Linking the infrastructure gaps

India’s Sagarmala programme aims to improve its prosperity through more efficient maritime-related infrastructure

Jawaharlal Nehru Port situated near Mumbai Credit: Shutterstock

The project, known as Sagarmala, or ‘ocean necklace’ was announced in 2016 and aims to reduce logistics cost for both domestic and exported and imported cargoes, with an especial focus on the nation’s ports and 7,500 km coastline.

India is considered to have huge potential to be a great superpower, and according to Investopedia ranks sixth in the top 10 economies in the world by GDP.

A fast growing economy with a GDP growth rate of 8.7% in 2021, ports are vital to its continued growth. Its state-owned ports, however, whilst having seen an uplift in recent years, are slower than the global benchmark at turning around vessels at berth.

This comes at a time when a series of global events has put India centre stage for dry bulk trade flow developments. Fears of runaway inflation in India in May prompted an outright halt to the country’s wheat exports, a likely halt to outbound iron ore shipments and changed the economics of steel exports.

According to the Indian government, about 90% of India’s trade by volume is moved via the country’s maritime route. The Sargamala project will support continuous investment of this infrastructure and enable the government’s investment and manufacturing programme – Make in India.

India’s Economic Survey for 2021-22 reveals that the average turnaround time across the country’s 13 ports (only one of which is privately owned) is 2.25 days – a considerable improvement on recent years, but still slightly below UNCTAD’s global statistic of around one day.

The Indian government, has identified a total of 802 ports and hinterland connectivity projects as part of Sagarmala, of which 194 have been completed.

One project completed is a new berth for coastal shipping at the country’s biggest port, Jawaharlal Nehru Port Trust also known as Nhava Sheva.

Situated just south of Mumbai on the west coast, the port is primarily concerned with container traffic as illustrated by MarineTraffic data – vessel port calls show that it handled 177 containerships in April and 182 vessels in May. This compared with the amount of tankers for wet bulk handled, which stood at 44 and 50 respectively.

JPNT arrivals and departures from 8 May to 8 June 2022. Source: MarineTraffic
JPNT arrivals and departures from 8 May to 8 June 2022. Source: MarineTraffic

According to Port Technology International, JNPT Chairman Shri Sanjay Sethi said at the opening in July 2021, “The construction of the dedicated berth is in tune with the government’s policy to promote coastal shipping to shift freight from road to an environment-friendly and cost-effective mode of transport.”
He added that the berth will aid faster cargo coastal movement through a “green channel”.
“Apart from meeting the objectives of the Ministry, the coastal berth will help increasing coastal shipping share in the domestic cargo movement and help the EXIM [exports/ imports] community,” he said.

The same source looked at the port’s throughput between April and December 2021 and observed that container traffic throughput stood at 4,177,211 teu handled,  an increase of more than 29% compared to the same period in 2020.

Port arrivals and departures

JNPT Paradip
    Arrivals    Departures           Arrivals         Departures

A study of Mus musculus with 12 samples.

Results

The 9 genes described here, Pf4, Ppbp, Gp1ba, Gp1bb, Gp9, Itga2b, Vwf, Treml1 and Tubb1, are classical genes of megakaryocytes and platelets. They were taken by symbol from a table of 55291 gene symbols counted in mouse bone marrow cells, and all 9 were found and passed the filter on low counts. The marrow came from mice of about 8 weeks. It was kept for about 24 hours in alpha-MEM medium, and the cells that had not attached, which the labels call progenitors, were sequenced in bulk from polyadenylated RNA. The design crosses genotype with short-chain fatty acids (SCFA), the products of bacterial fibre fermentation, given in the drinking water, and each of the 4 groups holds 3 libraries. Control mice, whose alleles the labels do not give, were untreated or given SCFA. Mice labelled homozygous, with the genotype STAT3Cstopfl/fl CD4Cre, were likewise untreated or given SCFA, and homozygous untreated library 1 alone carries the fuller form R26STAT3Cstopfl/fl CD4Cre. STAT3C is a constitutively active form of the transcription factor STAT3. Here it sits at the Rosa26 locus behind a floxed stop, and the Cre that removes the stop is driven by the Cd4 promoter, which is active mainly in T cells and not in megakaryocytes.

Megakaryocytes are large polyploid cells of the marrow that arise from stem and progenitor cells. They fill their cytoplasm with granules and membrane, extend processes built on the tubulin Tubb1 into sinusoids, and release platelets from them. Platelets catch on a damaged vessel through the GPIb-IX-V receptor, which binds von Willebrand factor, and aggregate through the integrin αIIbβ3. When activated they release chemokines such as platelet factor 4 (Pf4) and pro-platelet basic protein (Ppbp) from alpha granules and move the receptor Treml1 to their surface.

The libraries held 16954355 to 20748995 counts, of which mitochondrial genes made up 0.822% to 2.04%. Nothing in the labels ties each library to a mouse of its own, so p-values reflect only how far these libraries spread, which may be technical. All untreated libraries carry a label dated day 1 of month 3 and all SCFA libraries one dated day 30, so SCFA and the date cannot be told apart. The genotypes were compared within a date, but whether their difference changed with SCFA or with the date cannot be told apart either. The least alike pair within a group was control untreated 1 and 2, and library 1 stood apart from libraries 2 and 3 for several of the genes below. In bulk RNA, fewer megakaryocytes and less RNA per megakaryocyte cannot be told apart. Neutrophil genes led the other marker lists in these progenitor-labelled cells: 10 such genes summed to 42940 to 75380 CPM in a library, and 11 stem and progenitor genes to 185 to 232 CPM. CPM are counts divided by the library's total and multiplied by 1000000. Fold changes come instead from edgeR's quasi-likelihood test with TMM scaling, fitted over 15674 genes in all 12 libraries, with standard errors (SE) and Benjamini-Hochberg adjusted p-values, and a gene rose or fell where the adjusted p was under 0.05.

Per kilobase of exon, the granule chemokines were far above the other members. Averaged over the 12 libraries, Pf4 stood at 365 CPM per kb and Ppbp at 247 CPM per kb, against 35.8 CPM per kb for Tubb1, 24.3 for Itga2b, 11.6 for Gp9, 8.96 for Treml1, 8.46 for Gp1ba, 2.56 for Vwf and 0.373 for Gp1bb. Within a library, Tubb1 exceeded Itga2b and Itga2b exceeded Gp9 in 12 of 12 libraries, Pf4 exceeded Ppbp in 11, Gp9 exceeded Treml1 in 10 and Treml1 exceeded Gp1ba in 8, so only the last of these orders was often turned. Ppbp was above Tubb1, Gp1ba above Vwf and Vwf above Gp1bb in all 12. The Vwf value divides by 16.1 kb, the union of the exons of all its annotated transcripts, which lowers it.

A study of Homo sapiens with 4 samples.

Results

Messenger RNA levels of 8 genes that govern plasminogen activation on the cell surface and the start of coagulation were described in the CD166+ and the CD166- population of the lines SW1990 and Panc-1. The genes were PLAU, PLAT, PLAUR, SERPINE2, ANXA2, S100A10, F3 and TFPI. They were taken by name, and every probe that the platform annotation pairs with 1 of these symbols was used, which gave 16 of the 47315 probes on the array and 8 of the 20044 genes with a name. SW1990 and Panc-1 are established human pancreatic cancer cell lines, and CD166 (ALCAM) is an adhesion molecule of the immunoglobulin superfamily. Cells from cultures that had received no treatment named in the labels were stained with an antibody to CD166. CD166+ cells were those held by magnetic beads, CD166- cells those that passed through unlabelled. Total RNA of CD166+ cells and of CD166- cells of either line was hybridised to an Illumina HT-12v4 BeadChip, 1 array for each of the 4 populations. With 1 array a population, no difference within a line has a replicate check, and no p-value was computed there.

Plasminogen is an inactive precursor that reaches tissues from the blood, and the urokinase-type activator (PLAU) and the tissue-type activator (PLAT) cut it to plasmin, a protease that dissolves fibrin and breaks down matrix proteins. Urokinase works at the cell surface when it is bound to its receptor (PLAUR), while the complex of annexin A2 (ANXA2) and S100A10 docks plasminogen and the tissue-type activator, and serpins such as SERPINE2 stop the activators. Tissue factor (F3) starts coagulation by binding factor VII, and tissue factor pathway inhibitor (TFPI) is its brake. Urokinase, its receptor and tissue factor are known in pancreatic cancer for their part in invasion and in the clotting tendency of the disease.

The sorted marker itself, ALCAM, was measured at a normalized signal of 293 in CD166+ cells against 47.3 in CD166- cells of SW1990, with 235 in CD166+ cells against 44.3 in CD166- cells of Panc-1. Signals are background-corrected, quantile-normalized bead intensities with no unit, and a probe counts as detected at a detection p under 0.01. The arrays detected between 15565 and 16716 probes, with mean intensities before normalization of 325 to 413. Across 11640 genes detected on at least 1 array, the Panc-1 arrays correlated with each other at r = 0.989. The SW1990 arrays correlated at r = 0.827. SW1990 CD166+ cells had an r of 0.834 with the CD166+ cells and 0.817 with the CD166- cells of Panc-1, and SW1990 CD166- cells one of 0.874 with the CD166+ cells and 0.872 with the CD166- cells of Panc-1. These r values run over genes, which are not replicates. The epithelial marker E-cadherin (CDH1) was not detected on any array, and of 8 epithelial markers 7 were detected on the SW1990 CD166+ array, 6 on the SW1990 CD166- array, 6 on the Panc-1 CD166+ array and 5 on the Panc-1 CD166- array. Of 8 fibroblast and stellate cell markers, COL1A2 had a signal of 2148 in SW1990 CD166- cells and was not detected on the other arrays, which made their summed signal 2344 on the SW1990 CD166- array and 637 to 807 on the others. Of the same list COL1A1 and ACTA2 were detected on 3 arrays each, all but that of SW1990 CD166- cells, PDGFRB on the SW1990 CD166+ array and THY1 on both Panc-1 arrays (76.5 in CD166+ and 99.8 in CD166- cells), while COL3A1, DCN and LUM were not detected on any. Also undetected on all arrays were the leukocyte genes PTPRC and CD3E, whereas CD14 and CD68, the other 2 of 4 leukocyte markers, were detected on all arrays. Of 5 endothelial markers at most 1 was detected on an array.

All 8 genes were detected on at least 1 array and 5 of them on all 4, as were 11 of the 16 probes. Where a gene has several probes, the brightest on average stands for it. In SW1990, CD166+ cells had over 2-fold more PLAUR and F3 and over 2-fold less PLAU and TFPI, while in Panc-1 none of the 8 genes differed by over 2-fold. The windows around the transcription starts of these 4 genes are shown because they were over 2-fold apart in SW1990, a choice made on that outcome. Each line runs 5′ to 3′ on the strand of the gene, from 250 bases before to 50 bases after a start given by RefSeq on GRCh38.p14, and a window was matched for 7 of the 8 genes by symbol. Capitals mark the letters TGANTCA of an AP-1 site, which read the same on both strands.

April 2022
Containerships 177 177 5 5
Breakbulk 9 9 3 3
Dry bulk 6 6 142 141
LPG 9 9 2 2
Wet Bulk 44 45 42 44
May 2022
Containerships 182 181 1 1
Breakbulk 3 3 1 1
Dry bulk 7 6 133 135
LPG 9 8 4 4
Wet bulk 50 52 47 46
Port arrival and departures counts for commercial IMO having vessels above 4,999 gt. Source: MarineTraffic

Through the Sagarmala programme, six sites have been identified to be developed as megaports. These are Sirkazhi, Kanyakumari, Belikeri, Vadhavan, Saga Island and Paradip Outer Harbour.

Paradip on the northeast coast, is already an established bulk handling terminal. MarineTraffic data shows that it handled 133 dry bulk carriers last month, along with 47 wet bulk carriers. Last month a government statement announced that the site will be expanded to make it easier to “enhance the port’s ability to handle Capesize vessels,”  and will contribute to the port’s capacity addition of 25 MMTPA. This will improve port efficiency, enable better cargo handling, generate increased trade and “also lead to socio-economic growth including employment generation,” said the statement.

Paradip  arrivals and departures from 8 May to 8 June 2022. Source: MarineTraffic
Paradip  arrivals and departures from 8 May to 8 June 2022. Source: MarineTraffic

Paradip is also earmarked for development as a Smart Industrial Port City, which will “use latest technologies for enhancing performance, reducing cost and minimising the consumption of nonrenewable energy-resource, and to ultimately stimulate growth”.

New ports planned as part of the programme, include a deep-draft port at Saga Island, in the Bay of Bengal. The new facility to be strategically situated at the mouth of the Hooghly River, will complement the established port of Kolkata around 100km in land.

Further, new facility will be developed at Vadhavan in the north west. According to Construction World the port will be built on a 20km2 piece of land near the town of Dhanu, and operated as a public-private partnership. Vadhaven’s naturally deep draft of 20m will enable it to accommodate large containerships and breakbulk liquids including LNG.


The multi billion dollar Sagarmala programme, which aims to bring prosperity to the country as a whole, will rely on government and international and private investment to realise its aims.